Implementing a Fuzzy Logic Based Algorithm to Predict Solar and Wind Energies in a Hybrid Renewable Energy System

Implementing a Fuzzy Logic Based Algorithm to Predict Solar and Wind Energies in a Hybrid Renewable Energy System

Sanaa Faquir (Sidi Mohamed Ben Abdellah University, Morocco), Ali Yahyaouy (Sidi Mohamed Ben Abdellah University, Morocco), Hamid Tairi (Sidi Mohamed Ben Abdellah University, Morocco) and Jalal Sabor (ENSAM-MEKNES, Morocco)
DOI: 10.4018/978-1-5225-1671-2.ch040

In contrast to fossil energy, renewable energy comes from resources which are continually refilled such as sunlight, wind, rain, tides, waves and geothermal heat, and it must be harvested when it is available. Among all the renewable sources of energy, photovoltaic (PV) and wind energies are being widely utilized.

HRESs composed of PV panels, a wind turbine (WT), and one or two energy storage systems (ESS) have a long lifetime and normally low maintenance cost. They also offer many advantages over other generation systems: Low pollution, high efficiency, reusability of exhaust heat, and on-site installation (Atia, Fahmy, Ahmed, & Dorrah, 2012). For these reasons, Advances in WT and PV energy technologies have increased their use in these systems (Mermoud, 2010; El-Shater, Eskander, & El-Hagry 2006). Over the past three decades, several models have been developed in order to generate the solar irradiance data based on stochastic models such as autoregressive (AR), autoregressive moving average (ARMA), autoregressive integrated moving average (ARIMA) and Markov chain (Aguiar & Collares-Pereira, 1992; Mora-Lopez & de Cardona, 1998; Santos, Pinazo, & Canada, 2003; Maafi & Adane, 1989). However, these models, based on the probability estimation, do not always give accurate results as they require the precise definition of problem domains as well as the identification of mathematical functions. This is why most stochastic models were found with relatively big errors and sometimes difficult to be adopted widely. On the other hand, energy output estimation for wind turbines of different power ranges has been the subject of a number of papers (see Jafarian & Ranjbar, 2010). The wind speed pattern of a region was used to predict the energy output of the turbine in most of these studies. However, under many conditions, crisp data are insufficient to represent mathematically real-life decision problems. Indeed, human judgments including preference information are vague or fuzzy in nature and may not be appropriate to represent them by accurate numerical values. Fuzzy sets, linguistic variables and intuitionistic fuzzy (IF) sets are better solutions to model these problems (Shu-Ping & Deng-Feng, 2013). In the same vein, complications inherent in systems that combine cooling, heating, and power make it difficult to attain exact numerical data for quantitative criteria. Fuzzy theory can, therefore, play an essential role in the decision-making process whereby fuzzy evaluation can quantitatively represent the qualitative evaluation from decision makers (Jing, Bai, & Wang, 2012).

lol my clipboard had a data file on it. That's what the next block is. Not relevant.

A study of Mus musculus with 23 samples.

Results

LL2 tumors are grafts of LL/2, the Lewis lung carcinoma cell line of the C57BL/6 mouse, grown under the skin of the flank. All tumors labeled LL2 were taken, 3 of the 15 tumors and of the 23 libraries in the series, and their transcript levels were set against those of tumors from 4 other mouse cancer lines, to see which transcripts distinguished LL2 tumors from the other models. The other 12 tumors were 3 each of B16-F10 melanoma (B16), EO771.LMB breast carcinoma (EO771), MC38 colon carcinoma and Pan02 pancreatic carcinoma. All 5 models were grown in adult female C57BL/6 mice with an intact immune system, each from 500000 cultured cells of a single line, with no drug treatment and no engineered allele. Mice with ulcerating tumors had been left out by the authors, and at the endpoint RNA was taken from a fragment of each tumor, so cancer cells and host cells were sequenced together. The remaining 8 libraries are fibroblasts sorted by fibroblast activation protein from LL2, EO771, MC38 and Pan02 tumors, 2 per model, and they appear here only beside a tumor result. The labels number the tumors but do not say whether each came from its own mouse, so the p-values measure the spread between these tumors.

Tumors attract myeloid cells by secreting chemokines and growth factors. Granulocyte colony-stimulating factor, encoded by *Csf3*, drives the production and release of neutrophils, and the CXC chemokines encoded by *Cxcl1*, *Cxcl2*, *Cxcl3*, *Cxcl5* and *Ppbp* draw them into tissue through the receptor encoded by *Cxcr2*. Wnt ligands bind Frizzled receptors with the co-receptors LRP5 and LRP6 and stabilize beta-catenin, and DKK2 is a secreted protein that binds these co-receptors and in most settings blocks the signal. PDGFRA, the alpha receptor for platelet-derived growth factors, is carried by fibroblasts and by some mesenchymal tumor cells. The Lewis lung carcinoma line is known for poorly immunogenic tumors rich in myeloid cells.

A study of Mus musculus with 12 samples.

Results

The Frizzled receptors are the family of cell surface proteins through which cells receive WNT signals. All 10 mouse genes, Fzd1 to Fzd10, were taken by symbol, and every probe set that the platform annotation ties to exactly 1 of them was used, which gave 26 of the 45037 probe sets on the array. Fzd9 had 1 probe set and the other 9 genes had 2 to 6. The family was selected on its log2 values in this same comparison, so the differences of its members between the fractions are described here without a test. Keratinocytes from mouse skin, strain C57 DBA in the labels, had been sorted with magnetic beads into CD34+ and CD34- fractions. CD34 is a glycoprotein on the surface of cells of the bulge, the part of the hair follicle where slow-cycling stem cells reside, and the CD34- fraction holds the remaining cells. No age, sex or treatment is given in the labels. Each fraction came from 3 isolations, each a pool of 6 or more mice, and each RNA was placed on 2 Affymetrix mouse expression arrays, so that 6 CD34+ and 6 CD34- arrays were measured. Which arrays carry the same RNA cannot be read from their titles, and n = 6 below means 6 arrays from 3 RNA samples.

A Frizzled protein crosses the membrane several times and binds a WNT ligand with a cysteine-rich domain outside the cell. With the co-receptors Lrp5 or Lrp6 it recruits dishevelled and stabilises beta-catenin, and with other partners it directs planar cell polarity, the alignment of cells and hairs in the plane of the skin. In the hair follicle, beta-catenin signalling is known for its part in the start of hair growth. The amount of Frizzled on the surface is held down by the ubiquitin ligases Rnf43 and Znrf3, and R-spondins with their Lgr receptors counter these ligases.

This paper presents a study of a hybrid renewable energy system (HRES) combining 16 PV panels and one generic WT and proposes an algorithm based on fuzzy logic and natural parameters to predict the wind and solar powers under any weather conditions without dealing with complex mathematical formulas. The system can provide a maximum of 4.5KW of energy per day. Linguistic control rules derived from expert knowledge were written based on three natural input parameters: The wind speed, the temperature and the solar lighting.

The fuzzy control language was incorporated into the algorithm to implement the fuzzy logic control (FLC) phases. A further method of energy management will be required in future work to control the flow of energy in the HRES between the input sources and the batteries.